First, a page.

Texas Rep. Dade Phelan says he would vote against increasing minimum age to 21 to buy firearm

BySneha Dey, The Texas Tribune
Monday, September 26, 2022

Texas House Speaker Dade Phelan said the state Legislature will not pass meaningful gun safety legislation during its next session but signaled members of his caucus may be open to creating limited exceptions to the state's abortion ban.

The video above is from a previous story.

Families of the Uvalde school shooting victims, along with House and Senate Democrats, have repeatedly called for a special session to raise the minimum age to buy a firearm from 18 to 21.

"We at the House obviously want to be respectful and do all we can to be certain this never happens again," Phelan said at the 2022 Texas Tribune Festival on Friday. "I think there's a reason why the governor has not called a special session, and quite frankly, it's because the votes aren't there. The votes aren't there to change that particular section of the law."

Phelan, a Republican who represents Beaumont in Southeast Texas, said he would vote against increasing the minimum age.

Gov. Greg Abbott has previously said that increasing the minimum age to buy assault-style weapons is "unconstitutional," pointing to a federal judge's ruling that struck down a Texas law limited adults under 21 from carrying handguns. U.S. Sen. Rick Scott, the GOP former governor of Florida, raised the legal purchasing age in his state after the Parkland school shooting.

In a wide-ranging discussion with Texas Tribune CEO Evan Smith, Phelan said the House might revise the law that criminalizes abortion. Phelan said he has heard from House members who are concerned the law has no exceptions for rape or incest.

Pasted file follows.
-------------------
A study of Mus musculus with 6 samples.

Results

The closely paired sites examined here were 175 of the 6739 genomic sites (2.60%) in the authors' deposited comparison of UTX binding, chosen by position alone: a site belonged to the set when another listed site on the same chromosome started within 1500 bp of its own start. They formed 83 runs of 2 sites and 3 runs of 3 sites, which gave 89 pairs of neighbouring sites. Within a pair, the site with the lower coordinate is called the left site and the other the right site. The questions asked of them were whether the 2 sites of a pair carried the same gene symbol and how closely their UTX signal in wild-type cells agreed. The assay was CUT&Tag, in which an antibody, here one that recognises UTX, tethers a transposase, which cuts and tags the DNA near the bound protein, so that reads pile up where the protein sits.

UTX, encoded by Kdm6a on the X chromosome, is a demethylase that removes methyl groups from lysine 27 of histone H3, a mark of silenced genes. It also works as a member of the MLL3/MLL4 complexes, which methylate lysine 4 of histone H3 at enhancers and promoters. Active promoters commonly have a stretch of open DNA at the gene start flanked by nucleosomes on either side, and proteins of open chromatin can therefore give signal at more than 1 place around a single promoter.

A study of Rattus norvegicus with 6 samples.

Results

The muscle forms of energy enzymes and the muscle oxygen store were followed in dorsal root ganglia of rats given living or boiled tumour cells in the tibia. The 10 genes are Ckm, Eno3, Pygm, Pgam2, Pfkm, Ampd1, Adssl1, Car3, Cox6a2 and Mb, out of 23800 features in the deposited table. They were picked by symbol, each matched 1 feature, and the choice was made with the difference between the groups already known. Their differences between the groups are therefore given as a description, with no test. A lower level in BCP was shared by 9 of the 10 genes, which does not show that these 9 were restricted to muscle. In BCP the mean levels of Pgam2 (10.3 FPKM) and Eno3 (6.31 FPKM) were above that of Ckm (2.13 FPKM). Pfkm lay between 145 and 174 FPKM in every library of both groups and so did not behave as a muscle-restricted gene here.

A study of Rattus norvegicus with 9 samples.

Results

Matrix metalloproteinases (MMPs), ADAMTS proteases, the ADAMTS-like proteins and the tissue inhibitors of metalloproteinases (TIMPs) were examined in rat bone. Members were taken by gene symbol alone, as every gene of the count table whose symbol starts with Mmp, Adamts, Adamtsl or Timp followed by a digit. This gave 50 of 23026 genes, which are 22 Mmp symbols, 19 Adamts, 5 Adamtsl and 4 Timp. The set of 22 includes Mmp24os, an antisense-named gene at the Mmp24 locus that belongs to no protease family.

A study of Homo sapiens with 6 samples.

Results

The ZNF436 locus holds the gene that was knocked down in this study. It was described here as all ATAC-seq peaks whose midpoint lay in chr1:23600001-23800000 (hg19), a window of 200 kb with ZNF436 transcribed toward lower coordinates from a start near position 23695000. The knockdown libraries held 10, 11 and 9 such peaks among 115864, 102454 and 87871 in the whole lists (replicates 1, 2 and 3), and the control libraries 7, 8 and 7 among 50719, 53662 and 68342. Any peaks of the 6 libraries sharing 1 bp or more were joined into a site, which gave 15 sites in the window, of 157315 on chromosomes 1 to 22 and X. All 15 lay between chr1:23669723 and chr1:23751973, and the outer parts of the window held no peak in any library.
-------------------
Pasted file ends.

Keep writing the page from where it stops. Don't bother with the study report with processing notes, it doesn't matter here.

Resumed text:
Physicians have also told Phelan the ban has complicated medical care for ectopic pregnancies and miscarriages, he said. Treatments for miscarriages and ectopic pregnancies are still legal under the state's abortion ban, but confusion has led some providers to delay or deny care for patients in Texas. Phelan said he was unclear about how the House would vote on adding exceptions to the abortion ban. He said he supported the law as is.

Phelan supports reducing taxes in the next session, but he said Texas has been hit by inflation and that the cost of doing business in the state will increase. He opposes school vouchers, which let parents use public money for private school education.

At the Friday panel, the House speaker reflected on the last legislative session. Phelan said passing a balanced budget that prioritized education was one of his biggest wins.

"We were able to pass a balanced budget with low population growth, low inflation, and, quite frankly, fully committing to our promise in 2019 of increasing education - public education and higher education," he said.

The House speaker affirmed his support for a new law passed under his leadership targeting transgender student athletes, saying the state should intervene when it came to LGBTQ children.

"What two consenting adults do in their private matters is none of my business. ... Now you're talking about children. It's a different story," Phelan said Friday. "You didn't see bills, I think, at any point last session dealing with adults and what they do in their private lives."